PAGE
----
COFI Sub-Committee on Fisheries Management is also set to discuss improvements in the methodology to assess the state and health of the world’s marine fisheries stocks

A new global fisheries management body began its inaugural meeting with key items on the agenda including best practices and approaches for the effective management of fisheries resources, and improvements in the Food and Agriculture Organization of the United Nations (FAO) methodology to estimate the state and health of the world’s marine fish stocks.

The fight against Illegal, Unreported and Unregulated (IUU) fishing, the promotion of adaptive responses to the climate crisis, and the mainstreaming of biodiversity will also be on the agenda of the COFI Sub-Committee on Fisheries Management’s 15-18 January 2024 meeting, with a specific focus on small-scale fisheries.

Over 500 million people globally depend, at least partially, on fisheries for their livelihoods – nearly half of them women when considering the whole value chain. While 65 per cent of fish stocks were within biologically sustainable levels, 35 per cent were estimated to be at unsustainable levels – a proportion that has been increasing since the 1970s.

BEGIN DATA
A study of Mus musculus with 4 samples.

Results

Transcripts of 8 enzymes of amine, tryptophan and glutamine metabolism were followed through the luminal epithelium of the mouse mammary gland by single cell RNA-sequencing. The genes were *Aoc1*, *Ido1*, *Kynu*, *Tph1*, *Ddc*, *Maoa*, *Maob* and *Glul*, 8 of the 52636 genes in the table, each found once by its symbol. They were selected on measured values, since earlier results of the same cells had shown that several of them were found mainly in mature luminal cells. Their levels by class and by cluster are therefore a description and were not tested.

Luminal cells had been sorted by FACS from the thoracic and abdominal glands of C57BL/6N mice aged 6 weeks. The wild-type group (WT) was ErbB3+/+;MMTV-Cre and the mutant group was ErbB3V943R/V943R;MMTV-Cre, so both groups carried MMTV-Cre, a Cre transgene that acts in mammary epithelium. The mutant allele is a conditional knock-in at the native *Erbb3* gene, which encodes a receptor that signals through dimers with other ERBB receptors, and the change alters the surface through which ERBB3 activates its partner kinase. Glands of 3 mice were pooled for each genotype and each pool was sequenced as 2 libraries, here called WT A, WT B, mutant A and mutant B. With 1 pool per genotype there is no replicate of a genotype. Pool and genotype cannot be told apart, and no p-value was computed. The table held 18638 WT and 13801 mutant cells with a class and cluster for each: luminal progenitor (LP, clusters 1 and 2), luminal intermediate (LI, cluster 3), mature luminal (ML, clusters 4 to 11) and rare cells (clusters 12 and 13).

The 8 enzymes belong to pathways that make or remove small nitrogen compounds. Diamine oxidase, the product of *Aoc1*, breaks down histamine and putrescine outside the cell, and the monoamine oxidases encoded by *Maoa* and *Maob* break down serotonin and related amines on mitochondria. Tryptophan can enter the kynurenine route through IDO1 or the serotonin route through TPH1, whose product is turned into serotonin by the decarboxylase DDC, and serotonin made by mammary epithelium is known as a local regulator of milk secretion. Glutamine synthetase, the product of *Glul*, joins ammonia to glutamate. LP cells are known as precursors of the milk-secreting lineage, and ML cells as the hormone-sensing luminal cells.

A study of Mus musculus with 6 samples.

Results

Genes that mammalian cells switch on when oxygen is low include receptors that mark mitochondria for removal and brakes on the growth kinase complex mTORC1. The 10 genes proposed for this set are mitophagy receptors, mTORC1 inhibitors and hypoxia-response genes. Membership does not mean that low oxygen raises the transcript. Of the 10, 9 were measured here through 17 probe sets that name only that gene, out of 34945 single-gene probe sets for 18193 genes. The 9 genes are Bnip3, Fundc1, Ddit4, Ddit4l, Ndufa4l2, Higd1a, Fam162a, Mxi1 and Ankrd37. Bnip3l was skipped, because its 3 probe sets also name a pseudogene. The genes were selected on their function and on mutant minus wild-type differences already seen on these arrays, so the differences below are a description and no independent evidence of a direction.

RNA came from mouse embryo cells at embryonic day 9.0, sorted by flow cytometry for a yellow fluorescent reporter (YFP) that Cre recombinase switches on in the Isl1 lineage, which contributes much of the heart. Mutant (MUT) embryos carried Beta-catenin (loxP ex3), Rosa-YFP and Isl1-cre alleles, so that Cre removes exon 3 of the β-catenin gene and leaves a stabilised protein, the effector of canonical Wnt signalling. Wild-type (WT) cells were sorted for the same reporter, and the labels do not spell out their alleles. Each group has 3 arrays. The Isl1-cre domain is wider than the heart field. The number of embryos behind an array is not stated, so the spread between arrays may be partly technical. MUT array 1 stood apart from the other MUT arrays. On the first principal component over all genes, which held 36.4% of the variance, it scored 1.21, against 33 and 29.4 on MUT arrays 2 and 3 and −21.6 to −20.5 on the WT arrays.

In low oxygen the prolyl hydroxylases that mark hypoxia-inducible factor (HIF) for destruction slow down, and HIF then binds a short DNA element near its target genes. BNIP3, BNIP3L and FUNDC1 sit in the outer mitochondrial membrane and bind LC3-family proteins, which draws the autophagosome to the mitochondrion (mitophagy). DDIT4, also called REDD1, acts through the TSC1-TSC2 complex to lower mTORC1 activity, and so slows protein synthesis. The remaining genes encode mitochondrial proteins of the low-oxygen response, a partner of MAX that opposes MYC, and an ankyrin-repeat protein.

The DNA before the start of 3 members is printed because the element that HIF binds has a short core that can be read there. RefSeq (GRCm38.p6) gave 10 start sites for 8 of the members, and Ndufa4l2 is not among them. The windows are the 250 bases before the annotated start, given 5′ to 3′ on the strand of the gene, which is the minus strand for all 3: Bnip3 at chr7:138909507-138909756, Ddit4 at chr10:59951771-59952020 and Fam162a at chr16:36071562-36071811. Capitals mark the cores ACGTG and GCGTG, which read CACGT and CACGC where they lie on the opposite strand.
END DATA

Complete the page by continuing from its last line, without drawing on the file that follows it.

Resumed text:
The COFI Sub-Committee on Fisheries Management’s main functions are to provide technical and policy guidance on fisheries management, identify global challenges and opportunities, and promote collective solutions to ensure the environmental, economic and social sustainability of a sector crucial for global food security and nutrition.

“Improving global fisheries management remains crucial to restore ecosystems to a healthy and productive state and to protect the long-term supply of aquatic foods,” said QU Dongyu FAO Director-General in his address to the opening of the meeting’s virtual plenary session. “This improvement also includes eliminating illegal, unreported, and unregulated fishing and on addressing the impacts of the climate crisis, and biodiversity degradation that are also heavily impacting aquatic and coastal ecosystems and dependent communities”.

The Director-General noted that the Sub-Committee on Fisheries Management will guide FAO’s Blue Transformation roadmap and its core objective of ensuring that global fisheries resources – including lakes, rivers and seas – are efficiently and effectively managed.